He talked COVID-19 relief, impeachment, minimum wage and if he’ll seek a third term in 2022.
Published: Jan. 27, 2021 at 9:34 PM CST

He talked COVID relief, impeachment, minimum wage and if he’ll seek a third term in 2022.

Minimum wage

“I’m not opposed to a modest increase in minimum wage and index it with inflation.”

Sen. Johnson said he supports an increase from the current $7.25 minimum wage; however, he can’t support $15 dollars an hour like his Democratic counterparts. He said it’s too risky and could cost jobs.

“A lot will just lose their jobs – just completely loose the job or businesses could be put out of business which is not a good thing when you are trying to come out of the COVID recession,” Johnson said. “Or people would be replaced, maybe in the short-term with automation. So, you do need to completely understand what the impact is on such a dramatic change.”

When asked what dollar amount he would be comfortable with, Johnson didn’t get specific.

“Again, you really have to take a look at what the number of people would be affected by it,” he said. “I would really want to talk with some real economic experts to get this- I’m looking into this right now. I’ve got the data. I’ve got the charts. But I really want to discuss with my colleagues and other experts.”

COVID-19 Relief

“We’ve already passed $4.5 trillion of COVID relief,” the senator said. “That’s a large percentage of last year’s economy. It should have been way more than we needed and more than enough.”

Sen. Johnson said anyone who is proposing another $1-2 trillion should take a look at what wasn’t done right with the first $4.5 trillion. He says a compromise would be targeting relief.

“I don’t deny people are still suffering and they haven’t gotten relief, that’s an issue when you’ve already allocated $4.5 trillion, so I’ve been arguing from the last couple of packages we need to do a far better job targeting the relief to people who really need it.”

An example he gave was the direct payment checks.

“The Federal Reserve Bank in New York did a study, 18% of those initial direct payment checks went for essential expenditures. The rest was either saved or paid down consumer debt. It wasn’t stimulative and it wasn’t directed to those people who truly needed it.”

He said it was sent to a lot of people who were fully employed who had no loss in income, but it has “cost close to a half trillion dollars”.

“We don’t have an unlimited checking account.”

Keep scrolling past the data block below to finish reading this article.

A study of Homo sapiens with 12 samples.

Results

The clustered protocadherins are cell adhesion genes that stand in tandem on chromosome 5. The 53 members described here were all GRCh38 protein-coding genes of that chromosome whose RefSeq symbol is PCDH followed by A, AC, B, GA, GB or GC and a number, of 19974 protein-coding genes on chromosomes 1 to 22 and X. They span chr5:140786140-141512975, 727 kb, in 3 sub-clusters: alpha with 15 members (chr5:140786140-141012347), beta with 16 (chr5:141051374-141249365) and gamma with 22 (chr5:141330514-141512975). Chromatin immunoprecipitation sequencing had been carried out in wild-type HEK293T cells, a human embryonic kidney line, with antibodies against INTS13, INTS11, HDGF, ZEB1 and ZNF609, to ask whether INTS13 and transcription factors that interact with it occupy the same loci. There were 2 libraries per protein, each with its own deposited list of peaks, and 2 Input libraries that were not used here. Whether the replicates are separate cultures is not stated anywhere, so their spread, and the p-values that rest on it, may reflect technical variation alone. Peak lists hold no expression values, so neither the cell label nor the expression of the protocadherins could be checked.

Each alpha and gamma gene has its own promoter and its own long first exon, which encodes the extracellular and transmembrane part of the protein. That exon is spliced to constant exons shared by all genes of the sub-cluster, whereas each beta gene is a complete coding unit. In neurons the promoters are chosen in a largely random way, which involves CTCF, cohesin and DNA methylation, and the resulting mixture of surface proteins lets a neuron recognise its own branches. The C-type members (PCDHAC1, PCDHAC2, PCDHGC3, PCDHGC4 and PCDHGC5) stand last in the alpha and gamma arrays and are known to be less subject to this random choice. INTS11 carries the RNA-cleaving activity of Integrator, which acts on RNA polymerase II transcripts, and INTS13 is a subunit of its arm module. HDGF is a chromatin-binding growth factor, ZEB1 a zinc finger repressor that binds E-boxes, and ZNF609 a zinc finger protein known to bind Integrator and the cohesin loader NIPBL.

Something he would like to see done is to direct money to those who haven’t been helped– no unemployment payments or assistance was too low, he said.

Impeachment

“We shouldn’t have an impeachment right now.”

Johnson said he believes it is unconstitutional. He acknowledges there are arguments on both sides, but believes the Senate should not be holding a trial to impeach a private citizen which is “what former President Trump is right now.”

He said in putting aside the question of its constitutionality, he asks a different question, “Is it wise to do so?”

“I was at President Biden’s Inauguration,” Johnson said. “I heard his words. But actions speak a lot louder than words. Is an impeachment trial going to heal this nation? Is that going to help unite us?”

He said the answer is obvious. It wont do any of that. He called it vindictive and decisive.

“If President Biden actually believes the words he spoke at his Inauguration, he’d be asking Harry Reid and his colleagues in the Senate on the democratic side to dismiss this trial.”

We asked, would you support former President Trump if he decided to run in 2024?

“That’s a hypothetical question.”

He said what he supports is allowing the voters to decide that question. Johnson pointed out on Jan. 6, he said he joined in a collective decision by Congress that members of Congress should not overrule the wishes of the voters or state electors.

“It’s just not wise to do that,” he said. “Why would we think it’s wise to now preemptively overrule the future wishes of the voters? It makes no sense whatsoever.”

A third term in 2022?

“I haven’t made that decision yet.”

He said he personally doesn’t feel under pressure to make that decision anytime soon.

“I’ll take all the steps I need to take in case I do decide to run or setup the structure required to have somebody else win this Senate seat as a Republican.”